Tab unknown in mask-law appeal

Bizar Male

Neither officials for the governor nor legislative leaders have an estimate of how much the state will end up paying private attorneys to represent them in the appeal of a judge’s decision to temporarily block a state law banning mask mandates.

Attorney General Leslie Rutledge announced Friday that she will appeal to the Arkansas Supreme Court a ruling by Pulaski County Circuit Judge Tim Fox that temporarily bars authorities from enforcing a state law banning mask mandates by most state and governmental entities, including the public schools.

The Bureau of Legislative Research’s payments to a Little Rock law firm for representing House and Senate leaders in the case will depend on the amount of work and the experience and expertise of the firm’s attorneys in the case, said Marty Garrity, director of the bureau.

She said Tuesday she doesn’t have an estimate on how much the bureau will spend on legal fees.

Dover Dixon Horne PLLC attorney Randy Bynum said in a letter dated Friday to Garrity that the law firm will bill the bureau monthly for services it has performed at the rates set for each attorney.

“At the present, I intend to handle this matter at an hourly rate of $395.00 per hour,” he wrote. “Mark Allison will assist me at the same hourly rate. We may use other attorneys in our firm as availability dictates with a view toward providing you our best service on an efficient and effective basis. Our other billing practices are discussed in the Statement of Billing and Fee Arrangements attached to this letter.”

Garrity said the contract with Dover Dixon Horne also allows for all costs, including special postage, delivery charges, travel, process servers and other expenses.

Bynum said the bureau’s authority to hire outside legal counsel is granted by Arkansas Code Annotated 10-3-303 (h), which requires the approval of the Legislative Council’s Executive Subcommittee.

The Legislative Council’s co-chairmen, Sen. Terry Rice, R-Waldron, and Rep. Jeff Wardlaw, R-Hermitage, signed off on the contract on Friday, Garrity said.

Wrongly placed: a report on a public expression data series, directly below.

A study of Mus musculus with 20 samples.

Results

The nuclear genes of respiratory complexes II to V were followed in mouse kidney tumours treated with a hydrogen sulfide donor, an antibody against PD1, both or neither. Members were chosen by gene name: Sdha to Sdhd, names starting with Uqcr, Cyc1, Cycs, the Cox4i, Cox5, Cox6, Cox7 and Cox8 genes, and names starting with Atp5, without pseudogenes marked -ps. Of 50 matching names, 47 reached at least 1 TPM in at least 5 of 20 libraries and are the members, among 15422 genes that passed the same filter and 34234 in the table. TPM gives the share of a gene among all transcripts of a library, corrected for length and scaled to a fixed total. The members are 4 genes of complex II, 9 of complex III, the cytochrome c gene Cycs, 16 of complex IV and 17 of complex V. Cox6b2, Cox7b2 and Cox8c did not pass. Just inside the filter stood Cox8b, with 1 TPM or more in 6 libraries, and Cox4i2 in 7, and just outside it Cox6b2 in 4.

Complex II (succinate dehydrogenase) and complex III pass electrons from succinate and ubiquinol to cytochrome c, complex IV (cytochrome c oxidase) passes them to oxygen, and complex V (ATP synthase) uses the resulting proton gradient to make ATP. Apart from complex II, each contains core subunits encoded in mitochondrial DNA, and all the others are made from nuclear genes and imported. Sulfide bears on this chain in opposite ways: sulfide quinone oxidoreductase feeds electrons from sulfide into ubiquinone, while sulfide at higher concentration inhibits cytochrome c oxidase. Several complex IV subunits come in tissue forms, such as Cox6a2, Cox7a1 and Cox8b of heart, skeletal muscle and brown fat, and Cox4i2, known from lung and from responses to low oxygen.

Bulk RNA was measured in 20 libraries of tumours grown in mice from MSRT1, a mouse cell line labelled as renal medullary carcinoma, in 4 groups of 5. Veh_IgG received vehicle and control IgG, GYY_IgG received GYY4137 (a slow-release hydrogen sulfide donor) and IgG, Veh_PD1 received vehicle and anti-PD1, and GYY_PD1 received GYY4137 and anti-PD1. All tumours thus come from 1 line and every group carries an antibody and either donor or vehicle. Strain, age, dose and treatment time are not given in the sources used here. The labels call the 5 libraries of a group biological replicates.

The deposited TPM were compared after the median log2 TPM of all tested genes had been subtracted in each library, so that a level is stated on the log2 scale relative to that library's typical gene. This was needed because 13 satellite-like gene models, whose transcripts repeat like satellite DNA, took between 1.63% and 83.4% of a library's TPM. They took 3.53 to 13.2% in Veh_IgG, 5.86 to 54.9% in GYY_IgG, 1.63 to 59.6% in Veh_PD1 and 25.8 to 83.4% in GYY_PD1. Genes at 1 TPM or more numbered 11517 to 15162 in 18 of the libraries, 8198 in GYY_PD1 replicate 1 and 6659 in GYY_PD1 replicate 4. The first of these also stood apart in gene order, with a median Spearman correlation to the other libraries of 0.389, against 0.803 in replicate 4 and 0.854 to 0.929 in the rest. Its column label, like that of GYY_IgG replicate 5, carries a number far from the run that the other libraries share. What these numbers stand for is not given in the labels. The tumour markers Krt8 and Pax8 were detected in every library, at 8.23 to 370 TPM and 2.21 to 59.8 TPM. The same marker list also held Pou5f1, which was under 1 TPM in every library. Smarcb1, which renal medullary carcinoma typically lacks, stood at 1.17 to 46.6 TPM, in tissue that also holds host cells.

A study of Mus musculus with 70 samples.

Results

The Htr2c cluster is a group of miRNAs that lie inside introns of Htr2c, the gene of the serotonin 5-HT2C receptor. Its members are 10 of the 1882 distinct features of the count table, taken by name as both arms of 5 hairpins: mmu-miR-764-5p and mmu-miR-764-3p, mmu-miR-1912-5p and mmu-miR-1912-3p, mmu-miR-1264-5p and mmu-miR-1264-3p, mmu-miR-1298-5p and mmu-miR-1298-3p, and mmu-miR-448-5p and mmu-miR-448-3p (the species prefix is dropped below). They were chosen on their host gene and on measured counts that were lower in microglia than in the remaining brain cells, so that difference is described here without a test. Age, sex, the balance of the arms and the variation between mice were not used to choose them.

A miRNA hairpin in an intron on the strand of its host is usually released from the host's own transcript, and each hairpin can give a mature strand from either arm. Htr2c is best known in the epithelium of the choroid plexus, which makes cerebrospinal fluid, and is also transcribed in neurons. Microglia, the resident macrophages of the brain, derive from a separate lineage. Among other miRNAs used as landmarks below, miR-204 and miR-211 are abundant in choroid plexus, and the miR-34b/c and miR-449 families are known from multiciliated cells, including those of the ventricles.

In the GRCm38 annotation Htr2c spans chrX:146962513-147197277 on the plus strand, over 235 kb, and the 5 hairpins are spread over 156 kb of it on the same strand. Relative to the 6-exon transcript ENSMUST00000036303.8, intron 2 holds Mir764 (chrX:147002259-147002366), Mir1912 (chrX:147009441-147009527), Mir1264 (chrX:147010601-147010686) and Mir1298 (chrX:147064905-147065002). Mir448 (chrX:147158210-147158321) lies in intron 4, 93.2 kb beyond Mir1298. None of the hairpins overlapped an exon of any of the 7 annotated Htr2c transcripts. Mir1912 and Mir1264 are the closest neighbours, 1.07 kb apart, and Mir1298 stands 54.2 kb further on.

House Speaker Matthew Shepherd, R-El Dorado, and Senate President Pro Tempore Jimmy Hickey, R-Texarkana, announced Friday they jointly retained Dover Dixon Horne to represent them in their official capacities in the pending litigation.


Gov. Asa Hutchinson, who had said earlier that the attorney general would not represent him in the case, announced Friday that he has asked David R. Matthews of the Matthews, Campbell, Rhoads, McClure & Thompson P.A. in Rogers to represent him in his official capacity.

In a letter dated Aug. 10 to the governor, Matthews said his attorney fees will be based on an hourly rate of $350 and the billing will done on a monthly basis.

“I will be glad to inform you when the fee approaches the sum of $25,000.00 and will keep you informed of each additional $25,000.00 interval,” he wrote.

In addition, “you will be responsible for all costs and expenses related to this matter,” Matthews said. These costs and expenses may include law clerk costs, copying costs, postage, travel expenses, process server fees, and witness fees, he said.

Hutchinson spokeswoman Shealyn Sowers said Tuesday that “we don’t” have an estimated cost for Matthews’ contract.

The law in the case is Act 1002 of 2021, sponsored by Sen. Trent Garner, R-El Dorado.

Fox’s Aug. 6 ruling on Act 1002 came hours after the Legislature adjourned a three-day special session called by Hutchinson, who asked lawmakers to change the law so local school boards could decide whether to require students younger than 12 years old to wear masks. Those children are ineligible to be vaccinated for covid-19.

The Republican dominated-Legislature refused to follow the Republican governor’s suggestion to change the state law amid surging coronavirus cases in Arkansas resulting from the delta variant and the state’s relatively low vaccination rate.

Hutchinson, who has said he regrets signing Act 1002, said on Aug. 6 that his goal had been accomplished not by the Legislature, but by Fox. He called Fox’s decision limited, well-reasoned and constitutionally based.

On March 30, Hutchinson announced that he was lifting the state’s mask mandate, which he imposed in 2020 in response to the coronavirus pandemic.

Fox’s ruling has prompted some of the school districts and the state’s colleges and universities to require masks to be worn in their buildings.